Book Review: The Unbroken by CL Clark

Good morning! Today I’m here sharing my experience reading one of the most anticipated books of the year by so many! I hope you have a nice cup of coffee with you to read. I’m drinking one as I’m typing this. We can virtually have a cup together. ☕

Author: CL Clark
Publisher: Orbit
Publication date: March 23, 2021

At a glance: A compelling, North African inspired high fantasy about resisting colonialism told from the perspective of two strong female leads in very different positions.

  • Military fantasy
  • LGBTQIAP+
  • Magic
  • Slow burn

Read this if… you’re looking for strong female leads in a fantasy that isn’t a loosely veiled medieval England.

Diversity Representation: Lesbian, bi rep, BIPOC, disability rep, African inspired setting, BIPOC author

Content Warnings: Violence, colonialism, death, gore, racism, torture, blood, murder, slavery, genocide, gun violence, institutionalization, confinement, hate crime, abuse, rape, police brutality, kidnapping, grief, religious bigotry, body horror, emotional abuse, medical content, ableism, child abuse, suicidal thoughts, animal death, bullying, chronic illness, infidelity, trafficking

Compelling, challenging, political, complex, heart wrenching

The Unbroken is a book about colonization. It’s a political fantasy that explores the small and large effects that colonization has on the very real, and very human people that are involved. It has a bunch of politics and intrigue to keep you interested, and it highlights the complex relationships of lost children.

The Unbroken follows Touraine, a lieutenant who was stolen from her homeland as a child to fight in an army that wasn’t hers. She was raised to serve the empire that stole her, Until she is sent back to her homeland to help suppress a rebellion, and Touraine must confront where her loyalties lie.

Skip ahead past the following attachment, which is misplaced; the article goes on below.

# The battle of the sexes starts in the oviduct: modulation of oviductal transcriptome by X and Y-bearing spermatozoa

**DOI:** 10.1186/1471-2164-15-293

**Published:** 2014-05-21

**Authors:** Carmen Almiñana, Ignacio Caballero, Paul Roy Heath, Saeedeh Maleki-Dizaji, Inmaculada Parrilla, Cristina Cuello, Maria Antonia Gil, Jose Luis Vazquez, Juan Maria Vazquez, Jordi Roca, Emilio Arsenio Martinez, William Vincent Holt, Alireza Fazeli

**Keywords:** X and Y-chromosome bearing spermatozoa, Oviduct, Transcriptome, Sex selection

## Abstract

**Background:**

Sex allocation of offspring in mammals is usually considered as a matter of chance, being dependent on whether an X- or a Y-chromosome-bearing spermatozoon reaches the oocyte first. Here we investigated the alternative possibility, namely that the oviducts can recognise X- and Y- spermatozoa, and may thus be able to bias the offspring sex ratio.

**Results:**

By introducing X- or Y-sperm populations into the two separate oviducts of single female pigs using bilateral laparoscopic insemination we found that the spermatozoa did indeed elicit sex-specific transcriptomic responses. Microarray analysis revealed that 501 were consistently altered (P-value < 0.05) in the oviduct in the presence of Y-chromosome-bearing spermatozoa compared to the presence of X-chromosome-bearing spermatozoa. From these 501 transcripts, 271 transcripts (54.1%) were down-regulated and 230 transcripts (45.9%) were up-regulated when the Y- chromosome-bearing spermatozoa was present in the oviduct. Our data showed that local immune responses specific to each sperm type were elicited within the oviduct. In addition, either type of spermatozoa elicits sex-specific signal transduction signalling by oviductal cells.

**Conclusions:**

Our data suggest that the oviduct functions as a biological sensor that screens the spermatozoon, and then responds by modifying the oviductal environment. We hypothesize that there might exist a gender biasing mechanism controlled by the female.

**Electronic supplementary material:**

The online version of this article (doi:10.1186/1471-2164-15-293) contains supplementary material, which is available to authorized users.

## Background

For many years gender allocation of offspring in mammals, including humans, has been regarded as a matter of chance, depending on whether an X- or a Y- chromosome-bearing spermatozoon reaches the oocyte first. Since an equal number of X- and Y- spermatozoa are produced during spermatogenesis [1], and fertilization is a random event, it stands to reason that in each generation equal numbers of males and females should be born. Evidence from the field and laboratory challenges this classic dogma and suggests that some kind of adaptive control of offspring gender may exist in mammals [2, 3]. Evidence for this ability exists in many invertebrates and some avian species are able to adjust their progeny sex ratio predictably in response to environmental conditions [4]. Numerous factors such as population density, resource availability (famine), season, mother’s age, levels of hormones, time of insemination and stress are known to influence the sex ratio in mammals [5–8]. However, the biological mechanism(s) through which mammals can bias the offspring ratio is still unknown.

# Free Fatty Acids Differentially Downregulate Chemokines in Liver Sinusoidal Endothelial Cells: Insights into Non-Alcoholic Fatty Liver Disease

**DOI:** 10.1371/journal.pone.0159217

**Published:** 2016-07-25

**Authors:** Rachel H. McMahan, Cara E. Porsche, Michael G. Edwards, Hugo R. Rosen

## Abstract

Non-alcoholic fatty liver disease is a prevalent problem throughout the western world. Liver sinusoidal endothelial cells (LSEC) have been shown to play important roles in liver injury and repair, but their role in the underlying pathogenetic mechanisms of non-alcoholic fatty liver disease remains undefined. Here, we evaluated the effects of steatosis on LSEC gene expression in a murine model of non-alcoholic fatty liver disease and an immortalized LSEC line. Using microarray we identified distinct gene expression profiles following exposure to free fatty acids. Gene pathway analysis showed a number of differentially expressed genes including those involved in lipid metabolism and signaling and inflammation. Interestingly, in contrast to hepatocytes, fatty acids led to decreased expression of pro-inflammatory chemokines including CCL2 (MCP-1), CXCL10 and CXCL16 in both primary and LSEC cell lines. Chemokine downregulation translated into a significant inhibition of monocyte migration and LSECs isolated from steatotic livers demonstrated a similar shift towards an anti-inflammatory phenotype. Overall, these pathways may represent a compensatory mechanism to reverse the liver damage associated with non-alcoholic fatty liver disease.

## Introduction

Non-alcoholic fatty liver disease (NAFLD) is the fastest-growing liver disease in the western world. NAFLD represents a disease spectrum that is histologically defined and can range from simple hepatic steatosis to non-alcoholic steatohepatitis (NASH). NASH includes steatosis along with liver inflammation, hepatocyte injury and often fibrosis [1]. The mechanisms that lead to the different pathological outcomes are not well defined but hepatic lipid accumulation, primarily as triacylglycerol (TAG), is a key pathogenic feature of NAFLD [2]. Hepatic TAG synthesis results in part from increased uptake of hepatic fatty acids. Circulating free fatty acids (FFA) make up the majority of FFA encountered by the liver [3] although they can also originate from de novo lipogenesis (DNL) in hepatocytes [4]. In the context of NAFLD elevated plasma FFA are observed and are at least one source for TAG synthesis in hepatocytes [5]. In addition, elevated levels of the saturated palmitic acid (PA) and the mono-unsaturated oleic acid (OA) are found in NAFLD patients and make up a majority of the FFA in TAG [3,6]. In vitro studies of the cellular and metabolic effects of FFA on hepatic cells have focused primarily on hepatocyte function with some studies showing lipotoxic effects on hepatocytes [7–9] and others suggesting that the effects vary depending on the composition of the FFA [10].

I feel like this book was one of the most anticipated of the year for so many people. Rightfully so. The topics are incredible. The complex look into colonialism and how that affects literally everyone involved was unmatched. The way that lost children look for a place of belonging, and not finding it anywhere. The way that it is written for us to really understand just how complex that relationship is was amazing. I found myself questioning with Touraine at every turn, and sympathizing with the confusing identity and loyalty. Absolutely fantastic.

Unfortunately, this book didn’t grip me in the way I was hoping. The worst part is that I couldn’t even tell you exactly why. I thought the relationship that Touraine had with Luca vs Cantic vs the Sands was absolutely wonderful. I thought the topics were so important and I was very interested in learning about them and hearing them be explored. But I just kept spacing out. I only have good things to say about this book, but I was still not drawn in as much as I could have been. I wouldn’t let that count you out at all, though! It is probably just me.

I think that the world is a little heavy to be reading a book with themes so heavily tied into colonialism for me right now. As I’m sure it might be for a lot of other people too. I am left wishing I read it at a different time. I absolutely know that this book will work for others, and perhaps it would have worked better for me reading it at a different time.

The Unbroken tackles colonialism in a way that I have never read in a book before. It explores the small and large effects that it has on all the people involved. It dives into deep relationships and loyalty questions that has us grappling with questions of loyalty along with Touraine.

I usually write fantasy and science fiction. If you like: cities under occupation, anti-colonial magic, colonial linguistics lite, fire, and queer folks, I’ve got stories for you. You can check them out here.

I’m also working on a flintlock fantasy novel that was a finalist in the Speculative Literature Foundation’s Diverse Worlds/Writers contest. A juror called it “a densely plotted thriller with genuine stakes…a great hook…a depiction of colonialism that’s so insidious…. I love the sense of consequences, large and small, and the complexity of the characters.”


Have you read the Unbroken yet? Did your soul ache at the complex relationship of colonialism like mine did? Are you adding it to your TBR? Let me know!